With a Coffee house on every corner, it is no wonder that coffee has become a staple in every American’s diet. And what comes along with your mug of coffee besides cream and sugar? A hefty dose of caffeine. Well, actually, the average cup of brewed coffee contains 150mg of caffeine, this is triple the amount that is in 8 ounces of your favorite soft drink.
Caffeine is the most widely used behaviorally active substance in the world. In the scientific world, caffeine belongs to a group of lipid-soluble (mixes easily with fats) compounds called purines. It occurs naturally in coffee beans, tea leaves, chocolate, cocoa beans, and cola nuts and is often added to carbonated beverages and nonprescription medications.
A huge myth is that when exercising you should avoid caffeine consumption before, during and after your workout. According to the journal of the American College of Sports Medicine (ACSM) there is no convincing evidence to support these claims in healthy adults. The thought is that because caffeine is a mild diuretic, this will cause dehydration during exercise. However, the key word here is mild diuretic; meaning it briefly increases urine production, and moderate amounts are not enough to interfere with a workout.
In fact, studies have shown that drinking 2.5 cups of percolated coffee 1 hour before exercising significantly extends endurance in strenuous aerobic exercise, high intensity exercise, and shorter-duration exercise; basically it provides the body with a boost for any type of workout. It has also been shown to have an ergogenic effect by ingesting just 10mg minutes prior to activity.
With limited studies on the ergogenic actions of caffeine in the human body, the mechanism of action, or precise explanation, is not quite clear. Caffeine most likely acts in either of two ways: (a) directly on adipose and peripheral vascular tissues, or (b) indirectly from stimulating epinephrine release by the adrenal medulla; epinephrine then acts to inhibit adipocyte cell adenosine receptors that normally repress lipolysis. Increased levels of Cyclic-AMP (c-AMP) are a result of caffeine’s inhibition of adenosine receptors. And c-AMP, in turn, activates the hormone that releases free fatty acids into the blood. The more free fatty acids in the blood you have, the better chances your body will use fat as fuel, fatty acid oxidation. Basically, your body is sparing your liver and muscle glycogen stores in favor of oxidizing fat as fuel. Not only are you burning fat more efficiently, but you are also efficiently using your energy stores with less risk of fatigue.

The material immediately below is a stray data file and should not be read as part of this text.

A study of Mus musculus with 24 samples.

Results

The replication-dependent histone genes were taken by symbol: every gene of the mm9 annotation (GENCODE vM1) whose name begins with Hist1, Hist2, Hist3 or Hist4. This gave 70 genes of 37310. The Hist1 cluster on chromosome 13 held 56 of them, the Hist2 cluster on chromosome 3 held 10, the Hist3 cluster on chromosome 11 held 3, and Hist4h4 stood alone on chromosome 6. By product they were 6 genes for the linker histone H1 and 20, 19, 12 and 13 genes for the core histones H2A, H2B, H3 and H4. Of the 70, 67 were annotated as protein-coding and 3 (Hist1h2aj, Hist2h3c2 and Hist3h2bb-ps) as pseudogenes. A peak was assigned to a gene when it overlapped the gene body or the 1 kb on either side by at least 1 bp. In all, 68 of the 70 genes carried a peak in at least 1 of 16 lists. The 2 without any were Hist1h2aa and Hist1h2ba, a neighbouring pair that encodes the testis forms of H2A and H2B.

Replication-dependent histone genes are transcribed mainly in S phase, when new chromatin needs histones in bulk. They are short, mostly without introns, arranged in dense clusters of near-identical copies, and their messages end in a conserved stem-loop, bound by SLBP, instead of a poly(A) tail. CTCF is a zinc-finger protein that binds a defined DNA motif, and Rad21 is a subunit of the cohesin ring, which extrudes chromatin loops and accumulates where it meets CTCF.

On the other hand, some investigators believe caffeine has absolutely no effect on hormonal or metabolic changes, and strictly works its effects on the central nervous system (CNS) via crossing the blood-brain barrier. When caffeine and its metabolites cross the blood-brain barrier, analgesic effects on the CNS are produced. This would reduce the perception of effort during exercise, similar to a placebo effect. You are being tricked in to thinking that your training session was easier/less stressful than usual – go figure.
The popularity of caffeine is based on its stimulating effects, which is done by indirectly stimulating the CNS by blocking the chemical responsible for calming brain and spinal cord neurons. It calms the brain, but stimulates the body – interesting.
Believe it or not, diet plays a key role in how caffeine affects you. Variations in diet are responsible for the inconsistencies of caffeine’s effects on exercise. Researchers have found that individuals on a high-carbohydrate diet show little effect of caffeine on free fatty acid mobilization. The exact etiology is still unclear. Another marker of how well caffeine works its magic on you is individual differences in caffeine sensitivity, tolerance, and hormonal response from short- and long-term consumption of caffeine. The more caffeine you consume on a regular basis, the more of a tolerance you will build for it lessening its effects. Habitual users may not benefit from the ergogenic effects of caffeine.
In order to optimize caffeine’s ergogenic effects it may be a good idea to eliminate caffeine containing foods and beverages for about 4-6 days, especially prior to competition.
On the other hand, those who rarely consume caffeine can experience undesirable side effects including restlessness, headaches, insomnia, nervous irritability, muscle twitching, and elevated heart rate, among others. Normal caffeine consumption poses no health risk; but being conscious to not go beyond 1g per day would be ideal.
Using a caffeine supplement, such as Redline®, has been proven beneficial to not only increase your energy levels, but also increase your body’s abilities to burn fat as fuel and spare muscle/liver glycogen stores. Whether you prefer to have a ready-to-drink (RTD) beverage, liquid concentrate, or simply swallow a few gelcaps, is completely up to you and your preferences and we offer all of them for you to try!